Massacre of South African Mine Workers Recalls Dark Days of Apartheid
Continued from previous page
The standard critique of Cosatu from the right is that it is becoming the vehicle of a privileged stratum of formally employed workers amongst a growing sea of the informally employed and unemployed. This is undoubtedly unfair, if only because average wage levels for even formally employed workers remain dismally low, and wages need to be spread around households steeped in gruelling poverty. Nonetheless, it can be argued that there is an increasing class dimension to Cosatu’s internal politics, from which the NUM is not immune - notably the use of union office for purposes of personal upward mobility rather than as a project for fighting the battles of the working class.
Indeed, an irony of the more labour-friendly industrial-relations dispensation which has been put in place in post-apartheid South Africa, may well be that it has removed workers' struggles from the factory floor and the mines into the boardrooms, even as the unions themselves have established and grown investment companies which, whilst formally separate, offer prospects of opportunity, enrichment and profit. Unsurprisingly, the AMCU expresses the discontents, anger and frustration of some of those who feel they are being left behind and ignored by the powers-that-be - not only employers, the government and the ANC but the established trade-union movement as well. No wonder that the AMCU’s demands are for a wage rise from around R4,000 (L310) a month to R12,000-plus a month, and the right to a decent standard of living!
Beneath the onion skin lies a second layer: worryingly apartheid-style policing. Television images of the Marikana massacre showed armed cops, some of them in camouflage uniforms, confronting the protesting AMCU workers. Yes, the workers were themselves bedecked with pangas, knives and anything else at hand. It is also not improbable, as police claim, that some of them were armed with guns and may even have started the gun-battle which had such disastrous consequences.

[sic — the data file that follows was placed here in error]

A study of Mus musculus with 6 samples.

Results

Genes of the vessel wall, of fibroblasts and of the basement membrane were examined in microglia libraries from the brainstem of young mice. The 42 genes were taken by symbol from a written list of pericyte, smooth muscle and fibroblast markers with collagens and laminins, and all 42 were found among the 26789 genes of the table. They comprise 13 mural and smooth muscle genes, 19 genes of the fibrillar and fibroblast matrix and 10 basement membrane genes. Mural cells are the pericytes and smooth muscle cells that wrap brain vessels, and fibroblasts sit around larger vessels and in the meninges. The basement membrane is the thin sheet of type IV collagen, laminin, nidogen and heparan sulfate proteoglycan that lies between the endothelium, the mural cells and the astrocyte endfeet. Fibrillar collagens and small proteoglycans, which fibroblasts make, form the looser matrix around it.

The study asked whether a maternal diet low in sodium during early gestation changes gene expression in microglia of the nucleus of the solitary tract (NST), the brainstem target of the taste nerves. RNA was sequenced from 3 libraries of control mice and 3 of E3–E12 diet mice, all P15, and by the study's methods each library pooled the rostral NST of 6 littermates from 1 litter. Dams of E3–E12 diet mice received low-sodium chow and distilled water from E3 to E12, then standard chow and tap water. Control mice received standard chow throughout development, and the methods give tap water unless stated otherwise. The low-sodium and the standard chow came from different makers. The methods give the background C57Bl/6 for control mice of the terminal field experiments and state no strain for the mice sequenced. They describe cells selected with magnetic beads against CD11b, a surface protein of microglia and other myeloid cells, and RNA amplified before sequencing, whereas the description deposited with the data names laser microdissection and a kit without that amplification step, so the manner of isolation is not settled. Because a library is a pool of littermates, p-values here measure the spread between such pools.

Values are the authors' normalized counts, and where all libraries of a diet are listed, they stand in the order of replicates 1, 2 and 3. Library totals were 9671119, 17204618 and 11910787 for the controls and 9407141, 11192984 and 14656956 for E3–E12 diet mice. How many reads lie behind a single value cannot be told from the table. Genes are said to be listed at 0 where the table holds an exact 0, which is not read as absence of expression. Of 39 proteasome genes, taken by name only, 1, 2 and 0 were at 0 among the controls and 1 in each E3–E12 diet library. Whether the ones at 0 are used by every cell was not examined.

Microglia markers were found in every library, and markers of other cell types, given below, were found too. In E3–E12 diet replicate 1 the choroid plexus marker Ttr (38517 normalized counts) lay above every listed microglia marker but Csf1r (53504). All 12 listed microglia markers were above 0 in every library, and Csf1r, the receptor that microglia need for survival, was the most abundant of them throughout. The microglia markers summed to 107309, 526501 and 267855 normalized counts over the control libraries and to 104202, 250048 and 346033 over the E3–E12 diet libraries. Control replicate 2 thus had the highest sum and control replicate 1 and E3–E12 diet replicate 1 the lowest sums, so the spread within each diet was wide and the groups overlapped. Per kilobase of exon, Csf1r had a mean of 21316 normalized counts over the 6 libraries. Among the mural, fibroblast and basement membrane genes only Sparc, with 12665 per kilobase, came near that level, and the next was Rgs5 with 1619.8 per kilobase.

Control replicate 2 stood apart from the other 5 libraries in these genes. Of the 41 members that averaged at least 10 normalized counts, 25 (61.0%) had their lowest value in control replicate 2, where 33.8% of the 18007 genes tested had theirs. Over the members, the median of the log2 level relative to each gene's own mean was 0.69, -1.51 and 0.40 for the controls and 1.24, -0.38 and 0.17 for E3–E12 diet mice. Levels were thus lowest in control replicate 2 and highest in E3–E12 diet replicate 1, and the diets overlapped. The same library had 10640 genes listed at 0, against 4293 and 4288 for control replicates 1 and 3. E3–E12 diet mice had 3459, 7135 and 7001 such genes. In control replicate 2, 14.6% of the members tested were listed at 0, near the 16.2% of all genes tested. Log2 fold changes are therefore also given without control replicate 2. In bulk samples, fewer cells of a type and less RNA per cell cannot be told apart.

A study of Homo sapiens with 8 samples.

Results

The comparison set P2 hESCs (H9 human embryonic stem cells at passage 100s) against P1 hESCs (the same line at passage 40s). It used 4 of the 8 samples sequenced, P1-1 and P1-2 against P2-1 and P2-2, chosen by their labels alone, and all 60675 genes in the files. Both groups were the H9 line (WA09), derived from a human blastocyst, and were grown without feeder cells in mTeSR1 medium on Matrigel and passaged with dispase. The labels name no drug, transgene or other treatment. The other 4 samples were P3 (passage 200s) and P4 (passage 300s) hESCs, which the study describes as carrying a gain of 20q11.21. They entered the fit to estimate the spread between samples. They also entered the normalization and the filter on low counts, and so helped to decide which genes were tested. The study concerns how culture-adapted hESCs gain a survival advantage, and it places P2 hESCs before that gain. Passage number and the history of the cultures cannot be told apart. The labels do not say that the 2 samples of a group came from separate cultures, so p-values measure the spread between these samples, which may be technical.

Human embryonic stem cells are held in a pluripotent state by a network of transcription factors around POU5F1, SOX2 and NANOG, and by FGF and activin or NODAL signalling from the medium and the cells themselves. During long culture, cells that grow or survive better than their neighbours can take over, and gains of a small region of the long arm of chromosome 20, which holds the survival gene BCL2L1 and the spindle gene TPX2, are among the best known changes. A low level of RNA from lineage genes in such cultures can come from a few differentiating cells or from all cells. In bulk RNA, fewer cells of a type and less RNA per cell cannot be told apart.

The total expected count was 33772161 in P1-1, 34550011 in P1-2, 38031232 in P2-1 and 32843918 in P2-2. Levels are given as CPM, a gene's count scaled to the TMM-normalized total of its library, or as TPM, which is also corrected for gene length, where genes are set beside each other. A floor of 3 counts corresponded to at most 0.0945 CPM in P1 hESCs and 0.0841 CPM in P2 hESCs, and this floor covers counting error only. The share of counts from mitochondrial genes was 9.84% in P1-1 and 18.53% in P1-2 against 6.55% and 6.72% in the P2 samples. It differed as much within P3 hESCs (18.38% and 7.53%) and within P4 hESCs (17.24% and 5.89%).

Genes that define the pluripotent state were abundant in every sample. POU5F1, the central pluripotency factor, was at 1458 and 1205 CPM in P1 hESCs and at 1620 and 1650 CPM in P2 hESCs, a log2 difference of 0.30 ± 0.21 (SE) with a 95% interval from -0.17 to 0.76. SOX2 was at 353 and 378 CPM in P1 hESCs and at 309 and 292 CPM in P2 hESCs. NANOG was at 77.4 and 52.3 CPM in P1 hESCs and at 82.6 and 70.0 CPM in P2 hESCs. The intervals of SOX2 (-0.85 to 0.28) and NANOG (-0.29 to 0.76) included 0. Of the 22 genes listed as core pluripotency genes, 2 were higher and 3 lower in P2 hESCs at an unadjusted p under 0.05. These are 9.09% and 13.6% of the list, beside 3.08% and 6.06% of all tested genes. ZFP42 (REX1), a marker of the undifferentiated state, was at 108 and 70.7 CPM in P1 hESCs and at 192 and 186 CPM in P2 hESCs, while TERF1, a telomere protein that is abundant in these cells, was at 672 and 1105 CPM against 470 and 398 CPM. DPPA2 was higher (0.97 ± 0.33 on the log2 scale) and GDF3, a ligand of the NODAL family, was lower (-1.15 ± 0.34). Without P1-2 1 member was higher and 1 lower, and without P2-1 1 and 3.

But it’s all so predictable. Post-apartheid policing was meant to get away from the bad old days when police patrolled the rioting townships and the black majority was the enemy. Even now there is much lip-service to such heartwarming notions as "community policing" and serving the public. And certainly, it’s tough out there, with the police themselves suffering many violent deaths, as well as demoralisingly low pay levels. Yet alongside some progress towards more acceptable modes of policing, there are worrying signs of regression.
The arrest of a police hit-squad in KwaZulu-Natal which had taken the law into its own hands is one example; the disturbingly high incidence of deaths in police detention (albeit fewer than under apartheid) is another. But Marikana is a forceful reminder of a shift towards the militarisation of policing, prefigured by events in 2010 (a call by the deputy police minister Fikile Mabalula for the transformation of the police into a paramilitary force, followed by the return to a system of military-style ranks). Even before then, controversy had erupted around statements by then top cop Bheki Cele which were widely interpreted as endorsing a "shoot-to-kill" policy by police. Cele strenuously refuted this reading of his remarks, but nonetheless they appear to have set the tone for a tougher, "no-nonsense" style of policing in which preparedness to resort to violence to confront crime has become increasingly acceptable.
At Marikana, police claim that the striking miners opened fire first. They may well be right, but numerous questions would still follow, notably their use of live ammunition in such apparent disproportion. Perhaps, as at Sharpeville in 1960, police panicked (there are stories of a wrong order being given). But whatever the case, the level of slaughter was unforgiveable. Some days before Marikana, it was reported that the number of protests in South Africa between 1 January and 31 July 2012 has already exceeded the highest number recorded for any single year since 2004. Increasingly, it would seem, South African police are being brought into confrontation with a growing revolt of the poor, with Marikana just another episode.